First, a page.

Upcoming legislation and ongoing events show solidarity is needed more than ever. Lisa Cumming reflects on what makes that meaningful.

Solidarity is rooted in a sense of love or care for one another.
Solidarity is rooted in a sense of love or care for one another.

Solidarity has been on my mind.

The word solidarity has a rich history that dates back to Roman times and laws. For me it conjures thoughts, feelings, and actions that are rooted in mutuality, cooperation, and a sense of love or care for one another.

I thought about solidarity when I saw many people's responses to the easing or ending of COVID restrictions (or protections). Heartfelt accounts flooded social media, with people explaining what 'opening up' means for their individual context. Others pointed out the implications for workers in jobs with the highest COVID death rates, often on low wages, and unable to work from home.

It feels important to listen, understand, and amplify these concerns. Alongside being aware that that the line between who is more and who is less vulnerable is a thin, permeable one. As many have pointed out, none of us are really safe unless we all are.

So as someone living in England who is not exempt, wearing a mask on public transport and in indoor settings seems a very small act of everyday solidarity to retain, whatever happens after 19 July. Not as a gesture but as a practical contribution to help keep myself and others safe, alongside lessening the burden on already exhausted healthcare workers in the NHS.

Legislative changes

I also thought about solidarity in relation to the whole raft of proposed legislation and policy measures flowing through parliament right now.

Such as the Government's decision to end the weekly £20 top up to Universal Credit and Working Tax Credits. Joseph Rowntree Foundation research shows taking away £20 from people means 6.2 million low-income families lose £1,040 from their annual income, "causing serious financial hardship and pulling 500,000 people into poverty, including 200,000 children".

In response, anti-poverty organisations are campaigning to #KeepTheLifeline, alongside those with direct experience of living in poverty like the APLE Collective.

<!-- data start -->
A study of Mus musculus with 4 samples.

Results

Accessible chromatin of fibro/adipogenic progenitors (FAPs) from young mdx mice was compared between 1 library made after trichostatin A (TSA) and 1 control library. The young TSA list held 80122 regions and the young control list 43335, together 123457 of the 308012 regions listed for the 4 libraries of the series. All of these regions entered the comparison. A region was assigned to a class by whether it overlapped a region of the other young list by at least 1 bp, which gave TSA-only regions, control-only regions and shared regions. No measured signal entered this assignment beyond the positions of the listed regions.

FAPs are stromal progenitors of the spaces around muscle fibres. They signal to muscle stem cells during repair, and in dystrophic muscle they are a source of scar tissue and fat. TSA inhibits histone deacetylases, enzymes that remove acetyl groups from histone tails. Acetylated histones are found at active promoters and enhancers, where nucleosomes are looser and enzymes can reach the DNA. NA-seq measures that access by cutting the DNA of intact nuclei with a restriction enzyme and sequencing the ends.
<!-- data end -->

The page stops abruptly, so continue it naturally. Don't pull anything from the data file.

And in more global terms, on 13 July the Government narrowly won the vote to cut overseas aid spending from 0.7% GNI to 0.5% (£4 billion). The day after a UN report warned that almost one in three people globally are going hungry.

Challenging draconian impacts

Then there's the Police, Crime, Sentencing and Courts Bill which passed its third reading in the Commons on 5 July. This bill might be most familiar due to its threats to protest, including powers to ban protests that might be deemed "noisy or alarming". But the bill features many other potentially draconian impacts. In its current form it would likely deepen racial inequality in the criminal justice system, criminalise homeless people, and threaten the way of life for Gypsies, Roma and Travellers.

Alongside those most impacted, Quakers in Britain are working with a wide range of organisations to persuade the government to scrap parts of the bill. If the bill becomes law, active and ongoing solidarity will be needed.

There's also the Nationality and Borders Bill, introduced to the Commons on 6 July. A piece of legislation that the Refugee Council points out would criminalise many people seeking protection in this country, and create new barriers to people fleeing war or persecution. A bill that could even affect the Royal National Lifeboat Institution (RNLI), simply because their mission is to "save lives at sea... without judgment of how they came to be in the water".

It's quite something when sleeping in a van either through choice or necessity, noisy protest, or even rescuing people from drowning at sea could become criminal offences.

All of this strikes me as the opposite of solidarity and an example of what happens when we don't see that of God or good, or even basic humanity in one other.

Loving solidarity

We saw the opposite of solidarity when the mural to footballer Marcus Rashford was vandalised in Withington (Manchester), following England coming second in the Euros. But local people responded swiftly and with loving solidarity as they covered the mural with supportive messages. As Rashford said, "The communities that always wrapped their arms around me continue to hold me up".

The question for those of us less directly impacted by policies in the pipeline or racism and discrimination in society, is how to respond with meaningful solidarity. This may include listening to those most affected and responding to calls for action from petitions to protests. It might mean seeking out possibilities for longer term campaigning and organising alongside those who are most marginalised, minoritised, and criminalised.

Meaningful commitment

It also means taking heed of organisations like the Racial Justice Network (RJN) that solidarity should not be contingent. In the aftermath of racist abuse experienced by Black footballers, RJN pointed out that solidarity with Black and racially minoritised communities should not be based on whether or not people are doing good in the world rather, "We deserve respect, dignity, safety and joy regardless of what we do in life".

And meaningful solidarity means keeping in mind the wisdom of writer and scholar Sara Ahmed in The Cultural Politics of Emotion,

"Solidarity does not assume that our struggles are the same struggles, or that our pain is the same pain, or that our hope is for the same future. Solidarity involves commitment, and work, as well as the recognition that even if we do not have the same feelings, or the same lives, or the same bodies, we do live on common ground."